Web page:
A Self-Learner who Designed his Own International Management Program
Ankit Khandelwal
Ankit Khandelwal

Ankit Khandelwal is a young professional who lives in Kota, Rajashtan, India. He has spent the last two years pursuing his own course of study in foreign languages, business, and global market trends. By taking full advantage of MOOCs (massive open online courses) and other free online resources, Ankit aims to become a global business leader as part of his project 'Envisioning 21st century global manager'.

Ankit received a Bachelor in Chemical Engineering from the Vellore Institute of Technology University in Tamilnadu, India; and his Master of Chemical & Biochemical Engineering from the Technical University of Denmark (DTU) located in Lyngbgy, Denmark in 2011.

After coming back to India, he decided to design his own global management program. He spent the next two years, from May 2012 to June 2014, acquiring business knowledge and tools by taking more than thirty courses in global strategy, operation management, design thinking and finance on open online course platforms such as MIT OpenCourseWare and Coursera. He also studied foreign languages including Danish, German, Spanish and Russian.



MBA Today (MT): What made you decide to pursue your own management program, rather than enrolling in a management program such as an MBA ?

Ankit Khandelwal (A.K.) : Because, what I was aiming for would not be possible with a regular MBA program. My 'Envisioning 21st century global manager' project is much more than a regular MBA, as it involves studying culture, self-learning languages, and mixing management thinking with six or seven different directions to understand the complex and interconnected business world. In many business curriculums, culture is totally overlooked; no one studies political frameworks or the legislative environment; and issues with the neighbour and historical events are not something covered in the syllabus. In today's business world, things are much more rapid and these new directions do have an impact on any strategy, balance sheet or execution plans.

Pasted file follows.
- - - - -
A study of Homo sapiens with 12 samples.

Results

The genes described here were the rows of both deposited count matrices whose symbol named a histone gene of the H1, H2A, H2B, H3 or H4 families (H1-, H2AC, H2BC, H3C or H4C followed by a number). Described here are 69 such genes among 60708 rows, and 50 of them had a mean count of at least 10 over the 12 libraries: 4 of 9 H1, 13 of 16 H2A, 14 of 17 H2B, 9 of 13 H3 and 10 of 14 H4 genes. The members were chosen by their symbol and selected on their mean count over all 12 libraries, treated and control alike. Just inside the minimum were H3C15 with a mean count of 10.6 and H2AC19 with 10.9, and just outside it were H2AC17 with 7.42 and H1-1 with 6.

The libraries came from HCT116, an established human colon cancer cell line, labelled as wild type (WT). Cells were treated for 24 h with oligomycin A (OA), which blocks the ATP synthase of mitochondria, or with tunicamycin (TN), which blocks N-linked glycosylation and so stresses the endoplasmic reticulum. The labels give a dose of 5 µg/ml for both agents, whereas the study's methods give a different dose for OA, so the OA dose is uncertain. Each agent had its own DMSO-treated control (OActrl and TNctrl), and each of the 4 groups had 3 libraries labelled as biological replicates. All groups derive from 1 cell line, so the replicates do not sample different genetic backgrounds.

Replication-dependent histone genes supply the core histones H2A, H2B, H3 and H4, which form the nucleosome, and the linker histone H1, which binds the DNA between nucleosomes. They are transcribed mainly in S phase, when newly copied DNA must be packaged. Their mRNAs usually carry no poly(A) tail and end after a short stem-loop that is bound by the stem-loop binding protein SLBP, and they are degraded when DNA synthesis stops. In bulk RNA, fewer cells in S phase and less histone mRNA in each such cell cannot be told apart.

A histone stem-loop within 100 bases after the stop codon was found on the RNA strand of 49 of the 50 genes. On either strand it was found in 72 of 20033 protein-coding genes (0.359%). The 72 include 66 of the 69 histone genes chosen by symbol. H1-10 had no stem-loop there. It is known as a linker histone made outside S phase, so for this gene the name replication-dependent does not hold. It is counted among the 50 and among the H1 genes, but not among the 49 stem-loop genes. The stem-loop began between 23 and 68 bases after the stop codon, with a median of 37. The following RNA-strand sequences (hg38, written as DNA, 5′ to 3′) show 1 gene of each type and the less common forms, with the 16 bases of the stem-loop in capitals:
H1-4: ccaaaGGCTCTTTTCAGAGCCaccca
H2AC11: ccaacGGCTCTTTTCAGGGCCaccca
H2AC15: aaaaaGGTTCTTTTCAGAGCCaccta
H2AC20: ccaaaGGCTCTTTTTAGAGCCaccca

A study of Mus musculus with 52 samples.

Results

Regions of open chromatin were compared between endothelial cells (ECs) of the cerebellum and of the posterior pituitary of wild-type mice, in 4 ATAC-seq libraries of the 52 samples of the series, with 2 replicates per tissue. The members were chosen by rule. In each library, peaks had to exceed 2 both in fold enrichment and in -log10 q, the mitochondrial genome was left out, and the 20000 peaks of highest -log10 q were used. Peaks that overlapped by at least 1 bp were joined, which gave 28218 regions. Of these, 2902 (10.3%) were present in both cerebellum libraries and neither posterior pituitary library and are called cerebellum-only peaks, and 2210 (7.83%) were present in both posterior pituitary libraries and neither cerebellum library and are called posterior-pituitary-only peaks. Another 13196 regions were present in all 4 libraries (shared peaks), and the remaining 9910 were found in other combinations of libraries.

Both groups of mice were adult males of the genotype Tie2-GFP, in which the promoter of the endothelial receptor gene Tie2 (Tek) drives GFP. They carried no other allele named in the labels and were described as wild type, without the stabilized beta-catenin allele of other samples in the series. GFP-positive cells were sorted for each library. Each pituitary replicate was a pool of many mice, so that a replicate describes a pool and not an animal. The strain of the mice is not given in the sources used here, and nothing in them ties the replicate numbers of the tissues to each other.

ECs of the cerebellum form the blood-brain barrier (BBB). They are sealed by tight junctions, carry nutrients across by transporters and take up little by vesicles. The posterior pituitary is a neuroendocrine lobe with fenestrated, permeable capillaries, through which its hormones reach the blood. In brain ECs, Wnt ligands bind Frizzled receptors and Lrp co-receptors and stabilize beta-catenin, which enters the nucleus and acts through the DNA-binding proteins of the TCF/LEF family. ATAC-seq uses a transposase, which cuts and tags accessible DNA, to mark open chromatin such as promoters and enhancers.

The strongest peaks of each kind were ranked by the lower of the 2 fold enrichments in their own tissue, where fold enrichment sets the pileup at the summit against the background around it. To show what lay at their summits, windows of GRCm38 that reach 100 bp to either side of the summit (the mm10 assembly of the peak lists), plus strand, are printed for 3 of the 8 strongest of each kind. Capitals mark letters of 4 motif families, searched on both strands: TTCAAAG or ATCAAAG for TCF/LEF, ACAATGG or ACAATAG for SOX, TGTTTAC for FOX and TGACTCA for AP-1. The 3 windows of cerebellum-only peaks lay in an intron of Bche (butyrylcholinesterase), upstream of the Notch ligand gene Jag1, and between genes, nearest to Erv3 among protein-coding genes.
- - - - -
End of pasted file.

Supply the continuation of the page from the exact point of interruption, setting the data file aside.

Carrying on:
I spent eight weeks in brainstorming in March and April, 2012, before finalizing the entire project. I used employment survey reports from major agencies like Randstad, Manpower, and Adecco; economic survey reports from the International Labor Organization, World Economic Forum and similar; and studies about future work profiles. Using this information and my own imagination of the future, I identified some of the challenges a future global manager has to face. Then I matched them with my existing skills to identify what further skills I needed to develop in myself.

I did not need to learn Business or Management in principle. I had run my family business in earlier days and developed a lot of skills. For the past seven to eight years, I have continued developing skills like quick decision making, public speaking, negotiating, understanding business reports, and inter-cultural team work to name a few. With participation in higher level events such as representing my university at the European Commission, I developed confidence in my ability to understand the complex world of organizations. What I wanted was to gain some knowledge/tool kits to take my learning to a higher level, keeping in my mind my objective of becoming a '21st century global manager' with an interdisciplinary profile.

So it was knowledge I was seeking, to add value to my already existing skills. Having already received education from top universities, I wanted to chart my own course this time. I did not want to study and then wait two years to apply the knowledge, so I made every effort to keep my learning as close to reality as possible.

My biggest motivation for this project was not to take on any more student loans. It was a very risky step, self-teaching, but many of the people I was inspired by (Abraham Lincoln, Leonardo Da Vinci and Newton) were also self-educated at some point in their lives. And in the 21st century, when information is so easily available, I certainly have no intention of falling under the debt trap when I know what I want, where to get it, and how to apply it in real life to build my skill profile.



MT : What are the advantages of such self-learning ? and drawbacks ?

A.K. Well, the answer of this question may vary from person to person. Let me give you my perspective: you can chart your own course and go into as much depth as you want, and create your own projects without worrying about the grades or impressing a teacher to pass out with high marks. And in self-study, you do not have to wait to finish your entire programme before starting to put your learning into practice; you can do it all at the same time, as I did during my project. The business world is very dynamic, inter-related and changing very fast. It always needs new set of skills & knowledge, and sometimes it is not possible to go back to university for every new thing. Using MOOCs, you can learn a new concept in just a few weeks without having to go anywhere.